This is a simple (true) story with a perfect message.
Dave runs a marketing company. A client had accepted some work without criticism but, sixty days later, still hadn’t paid up. Dave was getting irritated: after all, cashflow was tight.
Dave started emailing his client requesting payment. After a while, he was very surprised to receive an email back from the client asserting various inadequacies with the service Dave’s business had provided and making various allegations of incompetence against Dave’s staff.
Dave was indignant and sent off a long, businesslike and polite email, but one which made his position clear. He got back another email from his client like the first. So Dave responded in kind, and got another unacceptable reply (and no cheque). Dave responded, got another reply (and no cheque).
By this time Dave was frustrated and he called us.
Before going on to read the resolution, below, what would you do in Dave’s position? (It’s a safe bet the client could have kept up the emails indefinitely rather than pay up.)
When Dave called, I asked to see the emails. I had no way of knowing whether the client was right about the quality of the marketing—but, luckily, this is irrelevant. On reading the lengthy emails from both parties, it was interesting to see that, under Dave’s polite and businesslike writing style, there were plenty of little attacks. My favourite was where he wrote “I attach another copy of the invoice for your convenience”.
“Are you sure you’re doing that for his convenience? Do you know he has lost the previous copy?” I asked him—it felt a lot more like Dave was electronically waving it under the client’s nose and shouting “pay up!”.
Of course the client was giving as good as he got, but I didn’t have access to the client, so there was no chance of any mediation process (and no need either).
The obvious point is that Dave and his client were in a fight. Strong word, perhaps, but let’s call a spade a spade.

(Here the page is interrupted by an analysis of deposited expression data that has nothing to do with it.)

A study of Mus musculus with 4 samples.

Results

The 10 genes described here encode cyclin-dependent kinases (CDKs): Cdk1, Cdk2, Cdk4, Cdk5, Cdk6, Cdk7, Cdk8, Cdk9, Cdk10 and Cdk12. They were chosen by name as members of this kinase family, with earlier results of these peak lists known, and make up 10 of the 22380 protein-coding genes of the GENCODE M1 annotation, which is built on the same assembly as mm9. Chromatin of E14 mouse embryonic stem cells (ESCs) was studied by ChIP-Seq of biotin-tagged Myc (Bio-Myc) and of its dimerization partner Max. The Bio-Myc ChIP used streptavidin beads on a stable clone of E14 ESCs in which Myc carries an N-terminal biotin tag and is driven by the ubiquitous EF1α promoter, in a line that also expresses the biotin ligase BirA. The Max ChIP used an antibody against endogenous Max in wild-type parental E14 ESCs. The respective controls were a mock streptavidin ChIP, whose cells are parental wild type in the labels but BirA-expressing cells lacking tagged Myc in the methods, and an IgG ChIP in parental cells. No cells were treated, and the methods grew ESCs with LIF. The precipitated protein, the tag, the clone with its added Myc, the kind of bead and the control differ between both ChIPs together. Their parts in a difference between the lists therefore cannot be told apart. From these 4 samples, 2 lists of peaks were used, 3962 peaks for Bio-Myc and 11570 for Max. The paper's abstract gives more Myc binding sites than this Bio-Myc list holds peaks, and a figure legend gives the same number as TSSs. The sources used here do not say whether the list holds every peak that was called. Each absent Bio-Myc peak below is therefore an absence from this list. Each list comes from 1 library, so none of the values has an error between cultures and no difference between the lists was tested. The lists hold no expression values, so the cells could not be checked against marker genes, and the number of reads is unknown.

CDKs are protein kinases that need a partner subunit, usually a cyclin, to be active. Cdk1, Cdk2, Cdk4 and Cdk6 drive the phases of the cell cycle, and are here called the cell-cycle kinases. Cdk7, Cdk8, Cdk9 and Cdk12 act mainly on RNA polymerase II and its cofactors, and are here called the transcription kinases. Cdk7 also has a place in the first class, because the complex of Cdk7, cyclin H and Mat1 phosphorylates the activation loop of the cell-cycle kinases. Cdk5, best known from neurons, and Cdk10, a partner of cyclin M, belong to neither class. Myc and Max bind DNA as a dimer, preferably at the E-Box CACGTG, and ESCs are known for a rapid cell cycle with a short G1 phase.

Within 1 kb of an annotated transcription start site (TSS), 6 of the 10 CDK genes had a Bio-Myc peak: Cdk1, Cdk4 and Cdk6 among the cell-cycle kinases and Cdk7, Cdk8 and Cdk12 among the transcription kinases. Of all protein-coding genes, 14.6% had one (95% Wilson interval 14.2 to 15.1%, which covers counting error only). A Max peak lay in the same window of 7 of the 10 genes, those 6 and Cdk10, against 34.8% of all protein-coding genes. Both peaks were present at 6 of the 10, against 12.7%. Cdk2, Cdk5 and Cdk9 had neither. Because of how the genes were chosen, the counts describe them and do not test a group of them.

From this we can say that (1) whether or not he felt he was in the right—or even whether he was right—Dave was colluding with the client in perpetuating the fight. He was as responsible for it as the other party. Most people believe that if you walk away from a fight, the other side is going to walk all over you. This is not usually the case. Dave had to be brave enough to just stop fighting.
Then (2), an attachment to being right (even if you are right!) always stops you moving forward. Dave had to let go of that need to be right, if he wanted the situation to move forward (something most business owners find very hard).
The practical action Dave took was to draft an ultra-clinical, very short and objective response to the client’s recent email, answering the points of fact raised, but not rising to the bait of any allegations, or anything that didn’t have to be answered. He resisted the temptation to have a go at the client, or to ask for the money. To his surprise he got a similarly brief clinical response which required, in turn, an even shorter response.
The client paid up two days later.
There are two principles of emotional intelligence at work here which Dave needed to be reminded of:
(1) if you’re in a fight, you’re equally responsible for it and, if you want it to stop, stop fighting.
(2) an attachment to being right will always stop you moving forward (more precisely it stops you communicating fully and therefore prevents you from finding a resolution).
Applying principles of emotional intelligence almost immediately resolved the problem (at no cost) and Dave’s business got paid. Any other intervention would have been costly and time consuming, at the very least.
This is a true story—names and details have been changed to protect the innocent.